Negative thinking is something we all do but what can we do about it?  How many of your thoughts are useful to you?  We hear it so often with our clients that only 5% or 10% of their thoughts are kind and supportive, the rest of the time they are being really harsh on themselves.  They all agree if they spoke to friends in the way they speak to themselves, they would be very lonely!

I came across an article by John-Paul Flintoff, the author of ‘Change the World’ and he suggests there are categories of negative thinking:

Black and white thinking: “I am a failure”
Mind reading others: “They think I’m stupid.”
Crystal ball gazing: “There is no point in trying, I won’t be able to do it.”
Over generalisation: “I will never meet Mr Right.”
Disqualifying the positive: “I may be a good mother, but anybody can do that.”
Drama queen: “I can’t find my keys. I’m going mad.”
Unrealistic expectations: “I’ve got to keep going, I can’t stop for a rest.”
Name calling: “Idiot!”
Self-blame: “She looks worried. It must be something I said.”
Catastrophising: “Nothing is ever going to work for me.”

If any of these sound familiar, there is good news – you can change them and start to train your brain to think in a more useful way.  The brain has the brilliant ability to re-wire itself (called ‘neuroplasticity’) based on the way it is used.

If you have done the Lightning Process, you can use the tools learnt there to help you combat this thinking but if you haven’t try these steps:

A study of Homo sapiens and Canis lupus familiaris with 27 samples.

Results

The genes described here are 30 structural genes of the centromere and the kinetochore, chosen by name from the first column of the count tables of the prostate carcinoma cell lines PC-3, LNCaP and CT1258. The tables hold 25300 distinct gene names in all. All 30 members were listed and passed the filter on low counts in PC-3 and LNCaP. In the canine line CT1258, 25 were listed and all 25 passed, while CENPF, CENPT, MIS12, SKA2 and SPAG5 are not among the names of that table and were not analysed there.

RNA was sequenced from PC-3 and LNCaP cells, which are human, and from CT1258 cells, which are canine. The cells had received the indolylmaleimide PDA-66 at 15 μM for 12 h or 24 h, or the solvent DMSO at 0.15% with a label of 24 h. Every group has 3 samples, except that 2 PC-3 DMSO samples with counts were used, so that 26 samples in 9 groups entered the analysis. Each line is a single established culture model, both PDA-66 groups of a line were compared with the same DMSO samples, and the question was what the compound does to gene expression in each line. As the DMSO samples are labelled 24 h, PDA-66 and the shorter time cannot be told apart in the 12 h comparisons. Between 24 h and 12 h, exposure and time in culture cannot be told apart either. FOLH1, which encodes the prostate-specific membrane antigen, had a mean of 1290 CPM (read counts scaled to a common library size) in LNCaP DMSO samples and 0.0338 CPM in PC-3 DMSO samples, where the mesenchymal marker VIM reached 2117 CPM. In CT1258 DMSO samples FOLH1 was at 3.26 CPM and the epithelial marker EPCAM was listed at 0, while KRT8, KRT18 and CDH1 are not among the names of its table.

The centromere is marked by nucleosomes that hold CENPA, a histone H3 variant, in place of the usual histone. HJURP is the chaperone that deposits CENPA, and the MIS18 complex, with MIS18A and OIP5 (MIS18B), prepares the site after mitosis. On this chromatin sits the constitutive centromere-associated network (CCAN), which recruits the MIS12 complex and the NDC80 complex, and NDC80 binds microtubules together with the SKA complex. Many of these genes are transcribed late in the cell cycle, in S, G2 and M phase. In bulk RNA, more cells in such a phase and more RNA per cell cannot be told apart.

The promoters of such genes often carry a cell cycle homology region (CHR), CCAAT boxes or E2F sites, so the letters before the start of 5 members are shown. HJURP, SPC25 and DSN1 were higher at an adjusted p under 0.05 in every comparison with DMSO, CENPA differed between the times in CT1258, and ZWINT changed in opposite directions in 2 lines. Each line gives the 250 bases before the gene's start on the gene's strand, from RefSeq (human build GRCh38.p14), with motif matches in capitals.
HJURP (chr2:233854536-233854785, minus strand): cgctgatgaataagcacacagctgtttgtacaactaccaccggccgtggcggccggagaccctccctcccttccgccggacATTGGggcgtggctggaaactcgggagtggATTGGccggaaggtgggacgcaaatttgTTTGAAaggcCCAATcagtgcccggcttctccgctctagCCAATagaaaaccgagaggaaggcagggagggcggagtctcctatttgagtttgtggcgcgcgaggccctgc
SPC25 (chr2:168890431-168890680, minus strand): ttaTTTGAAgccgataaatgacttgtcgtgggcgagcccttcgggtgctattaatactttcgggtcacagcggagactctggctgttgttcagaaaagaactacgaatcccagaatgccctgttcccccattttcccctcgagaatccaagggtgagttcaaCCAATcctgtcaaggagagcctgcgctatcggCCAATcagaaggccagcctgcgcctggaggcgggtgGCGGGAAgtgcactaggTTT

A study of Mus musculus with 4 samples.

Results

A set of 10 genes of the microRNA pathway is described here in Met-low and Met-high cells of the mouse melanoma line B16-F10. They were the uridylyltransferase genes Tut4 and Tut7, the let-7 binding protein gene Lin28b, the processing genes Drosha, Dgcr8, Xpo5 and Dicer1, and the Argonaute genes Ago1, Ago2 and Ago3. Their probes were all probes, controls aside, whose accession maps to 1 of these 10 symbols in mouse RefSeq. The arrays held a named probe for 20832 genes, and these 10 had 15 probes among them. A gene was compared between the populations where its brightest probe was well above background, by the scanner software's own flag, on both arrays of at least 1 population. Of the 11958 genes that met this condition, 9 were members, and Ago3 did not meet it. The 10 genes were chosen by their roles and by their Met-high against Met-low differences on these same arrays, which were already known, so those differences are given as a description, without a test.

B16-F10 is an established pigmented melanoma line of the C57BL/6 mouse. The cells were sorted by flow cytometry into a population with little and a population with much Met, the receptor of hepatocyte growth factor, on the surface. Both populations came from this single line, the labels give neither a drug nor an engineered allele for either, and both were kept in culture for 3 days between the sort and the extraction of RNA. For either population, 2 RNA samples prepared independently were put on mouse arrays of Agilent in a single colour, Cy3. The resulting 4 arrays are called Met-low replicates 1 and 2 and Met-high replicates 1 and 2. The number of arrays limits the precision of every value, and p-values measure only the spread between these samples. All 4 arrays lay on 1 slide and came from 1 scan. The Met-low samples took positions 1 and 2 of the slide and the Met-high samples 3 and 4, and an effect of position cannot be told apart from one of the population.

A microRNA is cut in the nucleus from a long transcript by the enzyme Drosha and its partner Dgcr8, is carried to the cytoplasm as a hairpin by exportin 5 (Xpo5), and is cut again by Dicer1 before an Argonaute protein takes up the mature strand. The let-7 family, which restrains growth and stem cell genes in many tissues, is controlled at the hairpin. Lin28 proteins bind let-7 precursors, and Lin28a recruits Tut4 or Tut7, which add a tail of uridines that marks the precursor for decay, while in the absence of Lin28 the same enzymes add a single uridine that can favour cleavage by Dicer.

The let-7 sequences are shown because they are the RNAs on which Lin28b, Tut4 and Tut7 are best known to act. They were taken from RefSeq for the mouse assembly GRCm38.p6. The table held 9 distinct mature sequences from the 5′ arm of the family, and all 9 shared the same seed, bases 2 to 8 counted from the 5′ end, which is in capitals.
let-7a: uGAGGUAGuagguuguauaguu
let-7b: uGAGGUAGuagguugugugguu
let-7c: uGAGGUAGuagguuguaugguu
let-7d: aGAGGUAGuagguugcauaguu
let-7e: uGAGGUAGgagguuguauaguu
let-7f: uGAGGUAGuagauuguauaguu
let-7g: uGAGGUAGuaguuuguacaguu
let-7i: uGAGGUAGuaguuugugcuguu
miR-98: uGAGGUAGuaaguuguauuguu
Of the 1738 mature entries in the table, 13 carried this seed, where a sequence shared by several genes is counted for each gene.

1 – Start to notice your negative thoughts and the different times you have them.

What are the repetitive thoughts?  Is there a common link or trigger for when they occur?

2 – Create a character for your inner critic – give them a name.

What do they look like?  What do they sound like?  John-Paul Flintoff suggests you can get creative and draw them and add in speech bubbles of the horrid things they are saying.  It is quite an eye opener for many and an interesting way of externalising the thoughts so they are no longer coming from you.

3 – Every time this character pops up, say a simple ‘stop’ or ‘no’ to it to pause it in its tracks.

This will give you time to confront your inner critic rather than letting the thoughts continue down the old and expected route.

4 – Use this stop technique to give you the opportunity to argue back.

Imagine you are supporting a good friend and overheard someone being mean to them – what would you say?  Now say that to your critic and start to be kind and compassionate to yourself in just the way you would to a dear friend, letting yourself know you are OK.

By stopping the negative thoughts in their track and moving forward in a useful and nurturing way, your brain will quickly start to learn that you are not going there anymore, and will start to re-wire itself into new and supportive thought processes.

“Once you replace negative thoughts with positive ones, you’ll start having positive results.” Willie Nelson

Contact us if you struggle with negative thinking and want to find out how the Lightning Process can help you.